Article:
The roles of women in mythology vary depending on the culture and the era. Many of them, however, have similar characteristics in numerous world mythologies; these are called archetypes. A common female archetype is the wise woman who offers advice or predictions of the future, analogous to the wise old man, who plays a similar role. A sinister version of this archetype is the witch, such as the Weird Sisters who predict doom in Shakespeare’s Macbeth. These characters are based on mythological figures, including the Moirae, or Fates, of Greek mythology, who determined human life and death.
Some women in mythology, such as Andromeda from the Greek myths, existed only to be rescued by heroic figures such as Perseus. Others were more proactive; Ariadne, lover of the Greek hero Theseus, provided him with a sword and a ball of twine so he could slay the Minotaur and escape the great maze called the Labyrinth. Such women are not to be trifled with; Medea aided the Greek hero Jason in his quest for the Golden Fleece, but when he betrayed her for another woman, she retaliated by murdering their children. This is famously portrayed in Euripedes’ classical Greek tragedy Medea. In many myths, Medea was an enchantress, uniting her with the witch archetype.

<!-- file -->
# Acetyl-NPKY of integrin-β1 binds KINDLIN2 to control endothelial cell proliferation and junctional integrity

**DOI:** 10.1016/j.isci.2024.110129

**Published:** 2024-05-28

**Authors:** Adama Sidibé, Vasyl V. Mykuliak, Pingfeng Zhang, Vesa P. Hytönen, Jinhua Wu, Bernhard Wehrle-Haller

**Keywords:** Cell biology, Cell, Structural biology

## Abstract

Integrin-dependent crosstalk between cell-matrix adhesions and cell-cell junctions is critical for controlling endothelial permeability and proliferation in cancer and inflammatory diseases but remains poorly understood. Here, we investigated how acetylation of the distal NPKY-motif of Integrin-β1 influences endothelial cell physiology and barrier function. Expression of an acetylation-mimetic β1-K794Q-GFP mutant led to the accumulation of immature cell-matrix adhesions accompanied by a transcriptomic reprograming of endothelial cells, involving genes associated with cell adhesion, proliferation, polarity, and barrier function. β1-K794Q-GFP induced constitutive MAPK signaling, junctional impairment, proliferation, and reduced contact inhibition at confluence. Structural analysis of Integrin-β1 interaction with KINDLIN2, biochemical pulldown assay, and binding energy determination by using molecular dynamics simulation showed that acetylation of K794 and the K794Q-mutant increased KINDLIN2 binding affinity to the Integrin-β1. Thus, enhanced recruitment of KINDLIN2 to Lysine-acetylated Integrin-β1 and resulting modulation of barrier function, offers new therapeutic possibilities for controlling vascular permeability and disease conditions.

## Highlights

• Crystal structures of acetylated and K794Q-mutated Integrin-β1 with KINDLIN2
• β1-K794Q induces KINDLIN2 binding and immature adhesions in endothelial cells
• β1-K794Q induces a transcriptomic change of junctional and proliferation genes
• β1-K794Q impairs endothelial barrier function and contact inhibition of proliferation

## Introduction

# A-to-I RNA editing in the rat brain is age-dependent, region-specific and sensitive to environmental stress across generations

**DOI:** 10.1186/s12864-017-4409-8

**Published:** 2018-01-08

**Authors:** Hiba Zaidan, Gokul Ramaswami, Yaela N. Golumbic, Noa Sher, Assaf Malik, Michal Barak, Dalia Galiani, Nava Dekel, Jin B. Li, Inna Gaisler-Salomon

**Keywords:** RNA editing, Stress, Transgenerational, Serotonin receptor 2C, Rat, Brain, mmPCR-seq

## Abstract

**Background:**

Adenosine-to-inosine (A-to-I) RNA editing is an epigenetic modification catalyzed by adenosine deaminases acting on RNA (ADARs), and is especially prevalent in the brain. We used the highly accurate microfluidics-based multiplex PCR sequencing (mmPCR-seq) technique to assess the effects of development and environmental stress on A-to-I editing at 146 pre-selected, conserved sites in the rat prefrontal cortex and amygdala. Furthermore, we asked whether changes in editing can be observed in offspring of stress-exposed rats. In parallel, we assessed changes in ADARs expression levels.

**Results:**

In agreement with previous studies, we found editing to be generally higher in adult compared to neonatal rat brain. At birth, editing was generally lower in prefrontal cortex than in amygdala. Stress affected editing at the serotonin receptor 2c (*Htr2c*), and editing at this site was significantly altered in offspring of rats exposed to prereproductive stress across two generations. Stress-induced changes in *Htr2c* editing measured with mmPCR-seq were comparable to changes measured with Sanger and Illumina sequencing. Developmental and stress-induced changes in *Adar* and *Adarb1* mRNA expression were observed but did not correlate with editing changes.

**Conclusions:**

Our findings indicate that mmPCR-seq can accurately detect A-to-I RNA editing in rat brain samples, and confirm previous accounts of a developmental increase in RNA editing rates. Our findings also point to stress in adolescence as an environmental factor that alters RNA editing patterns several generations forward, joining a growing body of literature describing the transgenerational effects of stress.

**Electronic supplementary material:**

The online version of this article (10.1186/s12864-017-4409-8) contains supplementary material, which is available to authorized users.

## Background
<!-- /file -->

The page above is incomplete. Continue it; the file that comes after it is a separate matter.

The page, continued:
Numerous women in mythology were portrayed as goddesses. The Greek pantheon includes Artemis, goddess of the moon; Athena, goddess of wisdom; and Aphrodite, goddess of love. In Hawaiian mythology, Pele is the goddess of volcanoes. Buddhist traditions of the Far East revere Guanyin as a bodhisattva, an enlightened being who helps others achieve wisdom. Some goddesses are the subjects of heroic legends of their own. For example, the Babylonian goddess Ishtar descends into the underworld to rescue her lover from death.
In Greek mythology, Pandora was the first woman, who accidentally released the troubles of the world by opening a forbidden box. This has parallels with the Biblical story of Eve and the Norse legend of Embla, both considered the progenitors, or parents, of all humanity. In other traditions, such as Hinduism and Sumerian myths, a mother goddess gave birth to the cosmos, literally or otherwise. This corresponds to the real-life role women play in the procreation of the human race. Some scholars believe these mother-goddess beliefs were once widespread, but were supplanted by patriarchal religions early in human history.